Targeting younger passengers, offering diverse experiences key to cruise industry's growth: Experts
SINGAPORE: Last year saw impressive growth for the cruise industry in Singapore.
Data released by the Singapore Tourism Board (STB) revealed that total cruise throughput jumped 35 per cent to 1.87 million in 2018 compared to the year before.
But the industry is not being complacent. It acknowledges it needs to do more to attract certain segments in a bid to stay competitive.
Experts CNA spoke to say that millennials and Gen Z form an untapped market for cruise operators.
“The cruise operators will have to provide different offerings to different segments of the market especially to the millennials, who have not really warmed to the idea of a cruise holiday,” said Dr Michael Chiam, senior lecturer in tourism at Ngee Ann Polytechnic.
"There is tremendous potential for growth."
Dr Chiam’s comments echoed a report by the Cruise Lines International Association (CLIA), which said that Gen Z is set to become the largest consumer generation by the year 2020 - outpacing even millennials.
Generation Z, or Gen Z for short, typically refers to those born from the mid-1990s to the early 2000s.
“This generation like the one before, prefers experiences over material items and is seeking out travel," said CLIA.
"The appeal of multiple destinations and unique experiences, such as music festivals at sea, is attracting this new category of cruisers."
CLIA also noted that the increase of younger cruise passengers will contribute to what it describes as “instagrammable cruise travel”, via social media.
“Instagram photos are driving interest in travel around the world," said the association.
"With on board connectivity, cruise passengers are filling Instagram feeds with diverse travel experiences both onboard and on land from several cruise destinations."
CLIA also noted that Asia saw a 4.6 per cent increase in cruise passengers to 4.24 million, occupying 14.8 per cent of total global passenger volume.
NEWER AND BIGGER SHIPS TO CATER TO YOUNGER PASSENGERS
Major cruise companies like Royal Caribbean also acknowledge that the younger segment is crucial to its business.
Speaking at a media presentation on Tuesday (May 21) following the Spectrum of the Seas’ maiden call to Singapore, senior vice president of international for Royal Caribbean, Mr Gavin Smith, told CNA that “it is a natural progression” for the younger segment - especially for those in their 30s with families - to book cruise holidays.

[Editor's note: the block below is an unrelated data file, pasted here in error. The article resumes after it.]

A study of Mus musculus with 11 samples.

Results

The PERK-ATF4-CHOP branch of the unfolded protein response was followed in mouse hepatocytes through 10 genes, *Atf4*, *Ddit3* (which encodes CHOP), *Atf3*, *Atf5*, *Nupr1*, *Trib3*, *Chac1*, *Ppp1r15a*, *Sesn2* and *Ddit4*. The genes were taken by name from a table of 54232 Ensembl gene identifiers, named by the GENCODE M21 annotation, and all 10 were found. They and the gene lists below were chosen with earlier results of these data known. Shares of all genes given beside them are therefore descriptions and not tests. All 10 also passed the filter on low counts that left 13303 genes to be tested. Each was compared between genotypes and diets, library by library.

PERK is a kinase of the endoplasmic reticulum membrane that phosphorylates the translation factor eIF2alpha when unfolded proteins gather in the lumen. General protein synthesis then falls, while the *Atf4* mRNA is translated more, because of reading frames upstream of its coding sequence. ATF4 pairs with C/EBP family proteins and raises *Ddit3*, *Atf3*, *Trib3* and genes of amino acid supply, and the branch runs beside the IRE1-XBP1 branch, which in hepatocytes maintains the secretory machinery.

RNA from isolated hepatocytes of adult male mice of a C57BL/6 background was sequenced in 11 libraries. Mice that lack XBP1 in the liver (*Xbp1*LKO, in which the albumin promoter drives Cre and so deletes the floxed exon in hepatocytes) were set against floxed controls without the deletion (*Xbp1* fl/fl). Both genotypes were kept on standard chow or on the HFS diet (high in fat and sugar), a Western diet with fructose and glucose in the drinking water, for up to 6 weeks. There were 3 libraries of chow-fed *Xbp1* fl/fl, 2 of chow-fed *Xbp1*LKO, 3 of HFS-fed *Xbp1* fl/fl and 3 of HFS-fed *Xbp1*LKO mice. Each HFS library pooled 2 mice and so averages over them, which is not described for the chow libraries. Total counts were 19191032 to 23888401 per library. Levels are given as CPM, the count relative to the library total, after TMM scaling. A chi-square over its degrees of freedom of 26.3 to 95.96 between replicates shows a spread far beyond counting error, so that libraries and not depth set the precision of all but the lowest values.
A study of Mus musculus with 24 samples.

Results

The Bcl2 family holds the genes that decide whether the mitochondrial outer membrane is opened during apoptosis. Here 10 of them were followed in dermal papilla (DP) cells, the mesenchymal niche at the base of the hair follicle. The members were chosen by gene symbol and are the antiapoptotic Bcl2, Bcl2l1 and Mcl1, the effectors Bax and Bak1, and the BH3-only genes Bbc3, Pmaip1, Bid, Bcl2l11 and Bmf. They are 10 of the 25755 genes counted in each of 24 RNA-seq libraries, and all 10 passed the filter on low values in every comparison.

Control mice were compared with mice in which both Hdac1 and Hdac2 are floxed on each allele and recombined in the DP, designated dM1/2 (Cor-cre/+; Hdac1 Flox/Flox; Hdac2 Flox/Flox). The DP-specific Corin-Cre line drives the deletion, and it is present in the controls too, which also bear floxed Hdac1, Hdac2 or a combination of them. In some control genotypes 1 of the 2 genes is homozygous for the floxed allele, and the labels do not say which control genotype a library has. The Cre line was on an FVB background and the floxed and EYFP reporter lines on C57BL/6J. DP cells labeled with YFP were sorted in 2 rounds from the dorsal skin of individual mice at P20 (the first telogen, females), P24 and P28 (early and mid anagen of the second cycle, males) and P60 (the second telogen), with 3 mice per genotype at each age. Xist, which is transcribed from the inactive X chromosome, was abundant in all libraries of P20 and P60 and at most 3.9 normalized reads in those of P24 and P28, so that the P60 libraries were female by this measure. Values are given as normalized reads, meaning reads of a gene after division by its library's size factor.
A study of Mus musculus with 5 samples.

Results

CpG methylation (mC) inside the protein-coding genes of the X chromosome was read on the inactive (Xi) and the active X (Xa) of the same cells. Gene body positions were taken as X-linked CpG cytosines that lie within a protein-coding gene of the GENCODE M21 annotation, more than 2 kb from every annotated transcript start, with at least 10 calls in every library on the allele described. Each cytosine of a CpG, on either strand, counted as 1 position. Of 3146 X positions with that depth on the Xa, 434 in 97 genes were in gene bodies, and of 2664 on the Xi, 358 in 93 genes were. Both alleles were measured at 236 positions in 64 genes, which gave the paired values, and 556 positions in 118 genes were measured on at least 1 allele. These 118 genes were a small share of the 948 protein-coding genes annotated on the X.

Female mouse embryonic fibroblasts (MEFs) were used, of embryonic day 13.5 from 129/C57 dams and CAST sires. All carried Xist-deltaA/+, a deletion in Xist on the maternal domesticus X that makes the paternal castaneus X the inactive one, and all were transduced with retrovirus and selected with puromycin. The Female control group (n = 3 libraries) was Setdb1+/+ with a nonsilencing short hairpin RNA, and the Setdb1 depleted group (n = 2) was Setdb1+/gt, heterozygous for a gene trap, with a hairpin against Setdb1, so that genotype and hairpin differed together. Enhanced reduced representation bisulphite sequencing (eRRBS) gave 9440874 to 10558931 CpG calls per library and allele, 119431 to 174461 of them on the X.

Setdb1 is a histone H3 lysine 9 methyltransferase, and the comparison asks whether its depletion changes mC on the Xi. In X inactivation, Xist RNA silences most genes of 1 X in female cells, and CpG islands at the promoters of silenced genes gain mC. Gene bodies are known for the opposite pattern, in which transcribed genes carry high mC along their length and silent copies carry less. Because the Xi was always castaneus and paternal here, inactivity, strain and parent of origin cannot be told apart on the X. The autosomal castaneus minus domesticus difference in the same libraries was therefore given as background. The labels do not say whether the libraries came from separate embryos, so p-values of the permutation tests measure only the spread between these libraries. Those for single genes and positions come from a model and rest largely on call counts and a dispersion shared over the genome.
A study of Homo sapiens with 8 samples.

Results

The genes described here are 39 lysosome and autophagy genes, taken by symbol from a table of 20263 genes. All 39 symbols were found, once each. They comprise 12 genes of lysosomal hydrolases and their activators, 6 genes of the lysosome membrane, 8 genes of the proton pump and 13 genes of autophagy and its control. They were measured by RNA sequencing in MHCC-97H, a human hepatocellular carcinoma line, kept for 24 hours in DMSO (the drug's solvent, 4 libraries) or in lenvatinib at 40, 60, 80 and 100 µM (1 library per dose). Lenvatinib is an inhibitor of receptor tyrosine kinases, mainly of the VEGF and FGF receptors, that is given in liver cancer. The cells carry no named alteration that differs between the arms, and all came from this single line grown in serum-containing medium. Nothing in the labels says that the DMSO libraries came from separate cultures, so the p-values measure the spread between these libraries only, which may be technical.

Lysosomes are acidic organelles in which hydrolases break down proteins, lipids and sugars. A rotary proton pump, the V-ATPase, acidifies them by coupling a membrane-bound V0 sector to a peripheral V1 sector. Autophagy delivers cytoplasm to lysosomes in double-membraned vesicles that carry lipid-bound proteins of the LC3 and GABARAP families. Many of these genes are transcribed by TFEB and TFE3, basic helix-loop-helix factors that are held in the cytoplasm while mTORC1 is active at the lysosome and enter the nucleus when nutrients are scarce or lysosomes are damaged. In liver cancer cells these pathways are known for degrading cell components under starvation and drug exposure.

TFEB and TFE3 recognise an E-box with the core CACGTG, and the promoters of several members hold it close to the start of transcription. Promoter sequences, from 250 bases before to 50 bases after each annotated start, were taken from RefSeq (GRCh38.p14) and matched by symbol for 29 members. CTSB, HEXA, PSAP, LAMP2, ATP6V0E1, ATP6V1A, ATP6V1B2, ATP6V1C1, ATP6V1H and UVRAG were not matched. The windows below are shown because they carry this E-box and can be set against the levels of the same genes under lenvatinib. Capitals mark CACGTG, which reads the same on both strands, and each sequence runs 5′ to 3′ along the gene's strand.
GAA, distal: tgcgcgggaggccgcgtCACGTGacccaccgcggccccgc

“This group might have experienced a cruise with their parents earlier on and have formed an opinion about when they went with their families," he said.
"Normally, old-style cruising was very regimented and very fixed and very organised - like sitting for dining. What we have spent the last decade doing is de-regimenting what we do."
He added: “Young people want a more authentic experience and they want a more immersive experience."
The largest cruise ship in Asia, weighing over 170,000 gross registered tonnes and able to accommodate more than 5,600 guests, the Spectrum of the Seas features activities such as a virtual reality trampoline and skydiving simulator as well as robotic bartenders.
“Asia has one of the largest demands for cruising worldwide, and markets for Asia, including Singapore continue to see double digit growth,” said Mr Smith.
Perception of the cruise industry is also another factor in wooing younger customers, said Ms Alice Tan, a hospitality and tourism management lecturer at Nanyang Polytechnic.
“They need more personalisation, and have different needs and wants. The perception of cruises to them is boring, mainly with eating and gambling," said Ms Tan.
"The cruise industry has lost its novelty."
She suggested having more tech-based activities, instead of on board entertainment solely being "just casinos and live shows".
STB WORKING WITH INDUSTRY PARTNERS
Responding to CNA’s queries, Ms Jeannie Lim, assistant chief executive of STB’s policy and planning group, said they will continue to work with cruise industry partners to secure a "vibrant pipeline" of ships and new cruise offerings to Singapore.
“This diversity of ships appeals to different market segments and a wide range of travellers," she said.
"Bigger ships in particular, such as Spectrum of the Seas and Genting Dream, are also able to provide facilities, experiences and programmes on board that appeal to all age groups."
STB also said that India is Singapore’s number one cruise market with 160,000 cruise passengers in 2018, up 27 per cent year-on-year.
Ngee Ann Polytechnic's Dr Chiam said that in order for Singapore to remain competitive, more creativity in marketing is needed in encouraging cruise passengers to stay here before and after their cruise, instead of seeing Singapore as just a transit hub.
While Dr Chiam described the cruise industry’s growth as “healthy”, he said that one of the major challenges is uncertainty in the global economy.
“The uncertainty will affect consumers’ sentimental, thus affecting their willingness to spend, as well as their travel choices,” he said.
Nonetheless, Dr Chiam is “cautiously optimistic” that the cruise industry will do well in the year ahead.